Most Insulting. Commercial. Ever.
By Ken Magill
If there was ever a commercial that should make us weep for the state of advertising in America, Sprint’s shrieking ditz ad is it.
The ad opens with four women who were apparently isolated from all human contact after graduating fifth grade gathered at an evening outdoor barbecue.
“Did you hear the new iPhone is out?” asks one of the four shrieking insultingly shallow ditzes in the ad.
“I’m Getting Onnnnnnne!!!” shrieks a blonde played by Judy Greer in response.
“Ahhhhhh!!” the three other idiots shriek.
“Sprint is offering this exclusive new plan with unlimited data!” continues Greer.
“Ahhhhhh!!” the other idiots shriek.
“The plan is only fifty dollars a month!” shrieks Greer.
“Fifty dollars?!” gasps another.
“Unlimited iPhone?!” shrieks another.
Then all four women shriek at such a pitch the glassware at the party breaks.
Ads in the 50s didn’t treat women as such vacuous dolts.
Think about the process this ad had to have gone through to get produced and aired. Someone had to come up with the concept and write it. A group of ad-agency executives had to have pitched it to a group of Sprint executives. Sprint executives had to have approved it.
What were these people thinking? And how dysfunctional is Sprint’s corporate culture that this ad could have ever seen the light of day?
On the day this ad was pitched, either the room was filled with a bunch of blithering idiots or the ones who were aware enough to spot the ad for the insulting drivel it is were too cowed to speak up.
Sprint is reportedly hunting for a new lead creative agency.
In the Nikkei Asian Review in January, Masayoshi Son, CEO of Sprint’s parent Softbank wrote: “At one recent meeting, I learned that our advertising at Sprint was not cost-effective. This made me quite angry. Sprint spends a large amount of money on advertising every year, but its effects have been almost negligible. I directed the Sprint executives to terminate all existing contracts with the company's advertising agencies. We will shortly start from scratch on advertising, with new agents also making proposals.”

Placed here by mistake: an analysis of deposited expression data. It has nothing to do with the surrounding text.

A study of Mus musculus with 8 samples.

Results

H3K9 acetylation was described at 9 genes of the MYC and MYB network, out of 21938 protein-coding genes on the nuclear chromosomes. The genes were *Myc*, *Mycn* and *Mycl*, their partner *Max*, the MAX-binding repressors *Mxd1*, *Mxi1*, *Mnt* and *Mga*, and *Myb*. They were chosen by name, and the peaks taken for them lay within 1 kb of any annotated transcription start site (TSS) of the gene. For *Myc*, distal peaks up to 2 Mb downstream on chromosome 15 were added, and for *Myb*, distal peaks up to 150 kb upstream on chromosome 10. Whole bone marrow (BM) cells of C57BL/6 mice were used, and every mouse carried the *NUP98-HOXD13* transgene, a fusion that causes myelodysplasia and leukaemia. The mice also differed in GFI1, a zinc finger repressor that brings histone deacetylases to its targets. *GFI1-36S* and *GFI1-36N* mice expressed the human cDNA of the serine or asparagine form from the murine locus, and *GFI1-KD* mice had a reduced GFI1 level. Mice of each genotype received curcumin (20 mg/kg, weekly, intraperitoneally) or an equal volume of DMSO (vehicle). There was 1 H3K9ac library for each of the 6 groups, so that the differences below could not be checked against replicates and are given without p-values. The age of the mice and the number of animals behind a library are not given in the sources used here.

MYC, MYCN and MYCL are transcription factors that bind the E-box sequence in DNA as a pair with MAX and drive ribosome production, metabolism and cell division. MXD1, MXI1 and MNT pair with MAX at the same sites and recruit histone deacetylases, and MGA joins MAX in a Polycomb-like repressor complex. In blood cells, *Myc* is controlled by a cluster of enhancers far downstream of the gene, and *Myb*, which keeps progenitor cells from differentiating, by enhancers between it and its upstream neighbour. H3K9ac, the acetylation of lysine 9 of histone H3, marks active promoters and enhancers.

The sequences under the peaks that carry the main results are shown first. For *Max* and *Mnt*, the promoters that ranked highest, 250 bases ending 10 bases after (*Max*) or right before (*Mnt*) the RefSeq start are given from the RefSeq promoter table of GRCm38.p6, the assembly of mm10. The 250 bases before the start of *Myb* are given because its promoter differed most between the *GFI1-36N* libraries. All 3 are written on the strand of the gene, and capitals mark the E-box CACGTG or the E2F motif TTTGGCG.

Marketing’s two most powerful sales levers are fear and greed. The $50-a-month-for-unlimited-data offer pulls the greed lever well enough.
But fear? The only fear at work in this ad is the fear people might think someone considering a Sprint iPhone deal might identify with a group of women conducting themselves like shrieking middle-school girls.
Most of us hated those girls in school. And now Sprint is using them to sell iPhone contracts?
Then again, this is the company that touted its “Framily” plan with the Frobinsons, a multi-racial family headed by a talking hamster.
The only defense of Sprint’s shrieking ditz ad is it is an attempt to break through clutter and get the attention of multi-taskers tapping on their tablets or smartphones while half paying attention to TV.
According to Adweek, Sprint spent $138 million on TV in the first quarter of this year. If annoyingly shrieking women are what it takes to get people to divert their attention, maybe Sprint should be sinking more money into the channels that already have people’s attention.